I had a number of blog post titles going through my head on this one. "You Can't Go Home Again", "The Times, They Are a Changin' ", but I think this one works best.
As I read and review Frank Mentzer's Lich Dungeon, I've come to see that the OSR is not so much merely a cloning of the original D&D rule sets, but an updating of the original rulesets and creating new accessories to the expectations of a modern audience while remaining true to original rules.
Lich Dungeon is a piece of gaming pretty much frozen in the time of it's conception and design. For that time, it may have been one of the better adventures of it's type. I'm not sure how well it translates to this time, our time.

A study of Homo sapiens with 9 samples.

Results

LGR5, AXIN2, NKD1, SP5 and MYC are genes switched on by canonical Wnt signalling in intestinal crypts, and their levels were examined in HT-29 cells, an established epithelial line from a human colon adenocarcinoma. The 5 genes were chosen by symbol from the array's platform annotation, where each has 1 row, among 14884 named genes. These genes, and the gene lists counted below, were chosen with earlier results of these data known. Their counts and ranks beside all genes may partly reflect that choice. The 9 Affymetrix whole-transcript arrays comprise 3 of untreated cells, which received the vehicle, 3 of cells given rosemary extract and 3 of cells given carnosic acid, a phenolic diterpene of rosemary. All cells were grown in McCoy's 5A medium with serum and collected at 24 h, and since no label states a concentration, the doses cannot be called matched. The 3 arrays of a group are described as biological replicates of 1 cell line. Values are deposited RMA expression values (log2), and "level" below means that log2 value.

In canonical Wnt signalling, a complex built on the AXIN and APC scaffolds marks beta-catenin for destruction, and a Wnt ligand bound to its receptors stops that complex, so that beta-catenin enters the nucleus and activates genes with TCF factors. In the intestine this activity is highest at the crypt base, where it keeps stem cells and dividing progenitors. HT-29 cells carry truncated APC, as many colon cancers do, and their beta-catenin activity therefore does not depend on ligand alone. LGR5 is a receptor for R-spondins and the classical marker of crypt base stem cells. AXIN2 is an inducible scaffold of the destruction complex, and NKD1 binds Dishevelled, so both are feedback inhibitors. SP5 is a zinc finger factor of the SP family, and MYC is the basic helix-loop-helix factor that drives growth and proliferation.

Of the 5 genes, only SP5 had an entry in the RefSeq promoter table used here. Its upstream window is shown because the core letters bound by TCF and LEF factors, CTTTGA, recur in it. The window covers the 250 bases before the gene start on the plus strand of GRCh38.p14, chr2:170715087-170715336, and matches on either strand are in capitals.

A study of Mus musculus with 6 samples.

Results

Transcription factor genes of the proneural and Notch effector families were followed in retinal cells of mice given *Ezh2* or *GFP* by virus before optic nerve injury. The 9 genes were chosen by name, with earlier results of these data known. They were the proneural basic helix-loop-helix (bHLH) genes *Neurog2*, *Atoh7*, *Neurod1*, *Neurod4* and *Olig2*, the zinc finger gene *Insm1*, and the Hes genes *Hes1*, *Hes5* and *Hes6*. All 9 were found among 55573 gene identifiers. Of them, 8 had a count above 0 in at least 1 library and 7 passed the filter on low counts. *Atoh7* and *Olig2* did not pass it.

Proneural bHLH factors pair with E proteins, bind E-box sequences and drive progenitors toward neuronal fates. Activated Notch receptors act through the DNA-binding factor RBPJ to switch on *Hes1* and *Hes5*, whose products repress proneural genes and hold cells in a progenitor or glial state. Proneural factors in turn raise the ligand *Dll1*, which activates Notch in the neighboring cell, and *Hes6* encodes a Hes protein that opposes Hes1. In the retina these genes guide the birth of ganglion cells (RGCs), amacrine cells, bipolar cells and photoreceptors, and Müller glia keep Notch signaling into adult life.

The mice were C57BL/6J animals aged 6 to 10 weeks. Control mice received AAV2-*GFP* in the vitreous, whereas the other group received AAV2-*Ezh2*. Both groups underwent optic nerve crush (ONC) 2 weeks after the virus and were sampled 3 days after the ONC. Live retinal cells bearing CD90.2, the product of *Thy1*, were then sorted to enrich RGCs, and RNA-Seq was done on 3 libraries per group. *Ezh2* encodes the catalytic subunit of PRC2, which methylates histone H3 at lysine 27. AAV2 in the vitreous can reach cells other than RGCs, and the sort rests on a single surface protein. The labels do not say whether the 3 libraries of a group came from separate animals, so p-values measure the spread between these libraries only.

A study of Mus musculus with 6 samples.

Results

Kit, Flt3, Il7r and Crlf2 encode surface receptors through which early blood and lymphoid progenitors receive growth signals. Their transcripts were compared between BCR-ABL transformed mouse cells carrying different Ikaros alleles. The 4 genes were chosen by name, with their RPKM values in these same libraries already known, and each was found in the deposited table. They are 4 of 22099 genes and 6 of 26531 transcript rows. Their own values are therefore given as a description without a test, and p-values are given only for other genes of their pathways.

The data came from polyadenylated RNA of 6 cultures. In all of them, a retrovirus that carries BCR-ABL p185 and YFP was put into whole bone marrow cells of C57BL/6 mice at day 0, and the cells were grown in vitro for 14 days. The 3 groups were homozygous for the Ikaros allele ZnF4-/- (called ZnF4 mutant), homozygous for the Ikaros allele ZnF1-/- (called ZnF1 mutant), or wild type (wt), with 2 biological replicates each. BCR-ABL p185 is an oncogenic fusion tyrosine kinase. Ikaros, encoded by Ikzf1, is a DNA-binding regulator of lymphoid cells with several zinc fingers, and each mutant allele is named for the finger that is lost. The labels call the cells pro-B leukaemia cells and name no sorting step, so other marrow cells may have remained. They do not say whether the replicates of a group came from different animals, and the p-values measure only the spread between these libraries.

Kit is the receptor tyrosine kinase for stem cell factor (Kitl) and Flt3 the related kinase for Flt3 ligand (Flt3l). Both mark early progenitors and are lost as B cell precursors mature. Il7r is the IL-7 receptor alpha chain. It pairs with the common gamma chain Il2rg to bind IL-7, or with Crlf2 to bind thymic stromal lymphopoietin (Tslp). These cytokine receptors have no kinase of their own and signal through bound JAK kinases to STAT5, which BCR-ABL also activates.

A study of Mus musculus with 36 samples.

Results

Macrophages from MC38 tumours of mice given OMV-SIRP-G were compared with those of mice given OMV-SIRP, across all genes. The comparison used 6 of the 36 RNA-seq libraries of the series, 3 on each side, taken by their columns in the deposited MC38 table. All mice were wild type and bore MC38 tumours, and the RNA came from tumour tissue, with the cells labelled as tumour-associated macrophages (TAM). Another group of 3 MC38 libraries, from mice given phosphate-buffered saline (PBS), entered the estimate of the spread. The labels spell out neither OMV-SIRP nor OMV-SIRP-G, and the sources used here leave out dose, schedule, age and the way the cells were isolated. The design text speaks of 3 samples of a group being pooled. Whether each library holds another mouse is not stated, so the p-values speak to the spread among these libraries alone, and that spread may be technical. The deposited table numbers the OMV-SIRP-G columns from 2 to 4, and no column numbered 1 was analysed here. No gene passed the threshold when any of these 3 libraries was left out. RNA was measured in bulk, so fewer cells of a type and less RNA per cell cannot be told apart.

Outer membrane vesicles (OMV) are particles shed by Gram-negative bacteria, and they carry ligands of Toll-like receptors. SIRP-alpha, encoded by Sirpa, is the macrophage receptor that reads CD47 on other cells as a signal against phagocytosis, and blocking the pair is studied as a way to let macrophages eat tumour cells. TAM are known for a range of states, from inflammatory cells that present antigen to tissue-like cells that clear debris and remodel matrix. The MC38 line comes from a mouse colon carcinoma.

Sure, we are using the same rules (even if Eldritch Elm. felt a need to scratch the serial numbers off of it) for the most part, but the expectations are different. Maybe we've matured as a hobby. Maybe it's an evolution, even if we never saw it or expected to apply it to the original rules we are so fond of. I'm not sure.
If I wanted to pull T1-4, ToEE, I could do so, and because I ran it last 20 plus years ago, my expectations of it seem to have changed with me. My mind has already worked out the changes I'd need to make it for it to work with an older rule set but with today's expectations.
Lich Dungeon is seeing the light of day for the first time now, but it is very much a product of "then". It's a snapshot of the past.
When I hit the last part of Lich Dungeon's multi-part review, I suspect I'll be giving it two overall ratings. How it compares to similar products of the time it was conceived, and how it compares to similar products in the time it was birthed.
I'm not so sure how close that range will be at this point. Guess I won't know until I write it.